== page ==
Our work culture is obsessed with getting things done, which explains why we’ve been inundated with countless productivity tools, tactics, and strategies. There’s nobody to blame here as everyone’s trying their best to succeed and get the most critical work done.
From a productivity standpoint, everything gets down to the basics, and the humble to-do list is the most versatile tool you can use. I use it all the time. For my daily, weekly, monthly, yearly, and even 5-year plans.
One aspect that has helped me more than the to-do lists is the ritual of reviewing what’s on my list. I think it’s one of the most overlooked and under-utilised aspects of productivity. Don’t believe me? Think of the times you have:
- Felt overwhelmed just by looking at all the stuff you have to do
- Discarded your to-do list for something flashy and brand-new (the shiny new object syndrome)
- Realised that your list is ever-growing
The main reason to-do lists don’t work is that we don’t take time to review them. Skipping the review process means you won’t pay attention to all the newer items that you add to your list on a day-to-day basis. And before you know it, the list grows into one massive headache! You don’t know where to start or which one you should focus your energies on, which is relevant and which isn’t.
And then you wonder what tool might help you from all this drudgery. The fact is that no tool is perfect for coping with the dynamic and ever-growing needs of our lives or businesses. If we don’t keep things in check, it’s bound to grow into something that’s intimidating and unmanageable.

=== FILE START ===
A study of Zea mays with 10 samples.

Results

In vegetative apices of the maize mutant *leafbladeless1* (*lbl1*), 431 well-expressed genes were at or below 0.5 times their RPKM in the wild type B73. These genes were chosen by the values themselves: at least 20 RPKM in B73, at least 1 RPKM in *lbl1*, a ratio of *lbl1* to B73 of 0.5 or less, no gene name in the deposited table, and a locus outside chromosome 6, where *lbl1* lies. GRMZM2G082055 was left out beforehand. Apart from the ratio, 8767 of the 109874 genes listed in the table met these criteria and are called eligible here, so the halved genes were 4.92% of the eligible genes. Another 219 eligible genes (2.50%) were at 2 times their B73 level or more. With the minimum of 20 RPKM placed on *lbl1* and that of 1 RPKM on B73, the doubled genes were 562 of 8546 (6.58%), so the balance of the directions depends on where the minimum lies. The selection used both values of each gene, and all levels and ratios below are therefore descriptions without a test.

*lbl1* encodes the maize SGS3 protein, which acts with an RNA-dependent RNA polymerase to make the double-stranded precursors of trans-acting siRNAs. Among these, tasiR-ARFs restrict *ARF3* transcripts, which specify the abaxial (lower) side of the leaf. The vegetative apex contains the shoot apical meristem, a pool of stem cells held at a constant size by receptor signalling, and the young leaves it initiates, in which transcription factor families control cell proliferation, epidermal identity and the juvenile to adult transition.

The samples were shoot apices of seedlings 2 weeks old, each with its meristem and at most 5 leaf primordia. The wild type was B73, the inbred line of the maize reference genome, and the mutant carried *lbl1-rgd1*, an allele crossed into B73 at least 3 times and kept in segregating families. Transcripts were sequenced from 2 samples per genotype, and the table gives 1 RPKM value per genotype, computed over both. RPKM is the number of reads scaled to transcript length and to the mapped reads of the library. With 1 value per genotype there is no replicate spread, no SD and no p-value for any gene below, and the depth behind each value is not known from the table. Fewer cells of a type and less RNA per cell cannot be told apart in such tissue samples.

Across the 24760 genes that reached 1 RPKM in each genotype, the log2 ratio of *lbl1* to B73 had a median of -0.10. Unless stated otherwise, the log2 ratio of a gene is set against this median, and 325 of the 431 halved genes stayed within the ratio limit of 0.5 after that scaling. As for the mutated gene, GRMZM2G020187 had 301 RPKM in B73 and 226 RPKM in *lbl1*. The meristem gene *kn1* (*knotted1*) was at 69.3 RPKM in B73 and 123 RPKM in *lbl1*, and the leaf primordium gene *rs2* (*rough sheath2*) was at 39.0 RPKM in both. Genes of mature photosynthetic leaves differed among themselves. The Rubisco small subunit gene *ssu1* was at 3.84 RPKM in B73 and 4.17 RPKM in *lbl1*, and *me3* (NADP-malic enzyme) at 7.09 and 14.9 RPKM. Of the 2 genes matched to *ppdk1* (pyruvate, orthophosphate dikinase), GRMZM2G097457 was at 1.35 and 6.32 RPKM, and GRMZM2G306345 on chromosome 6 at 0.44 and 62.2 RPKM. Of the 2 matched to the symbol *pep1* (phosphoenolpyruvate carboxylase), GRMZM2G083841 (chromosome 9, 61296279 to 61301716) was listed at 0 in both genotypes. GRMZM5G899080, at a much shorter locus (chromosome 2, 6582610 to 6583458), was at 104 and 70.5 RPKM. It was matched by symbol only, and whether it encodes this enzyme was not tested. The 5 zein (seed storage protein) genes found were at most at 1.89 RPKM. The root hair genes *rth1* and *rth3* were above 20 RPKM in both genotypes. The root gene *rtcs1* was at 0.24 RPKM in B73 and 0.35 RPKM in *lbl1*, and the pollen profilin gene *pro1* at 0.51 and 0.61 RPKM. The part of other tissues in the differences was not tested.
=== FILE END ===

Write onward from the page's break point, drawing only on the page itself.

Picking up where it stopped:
For me, creating lists is one part of the process; reviewing them daily, weekly, and monthly is what helps me focus and execute on the main things. How do you do that? In two steps:
- Block out time each evening to go over the items you’ve struck off and the ones you weren’t able to (aim to have not more than six things on your list). Carry them over to the next day or jot down the dependencies, if any, and plan accordingly.
- Block out time each Sunday to go over all the things you have accomplished in the past week and the ones you are about to in the upcoming week. This will ensure that you’re not overcommitting by placing a hundred things to be done in a single workday.
- Block out time on the last day of the month to go over all projects you have delivered in addition to the pending ones. Reflect on the causes or the obstacles that came in the way. Jot down the dependencies and plan for the next month.
As you can tell, following the above rituals lets you be hands-on with your to-do list. Nothing accidentally creeps into your to-do list or takes your attention away from your primary goals. You’re intentional about your days, weeks, and months. And the best part is that it doesn’t take you more than 10-15 minutes if done every day. Over time, this reduces to a mere 5-7 minutes tops.
Yeah, I know, this isn’t rocket science, and you might have known about it. But do you practice it? (And remember — rockets, jets, and aeroplanes rely heavily on checklists. So, don’t underestimate the tool; appreciate the process.)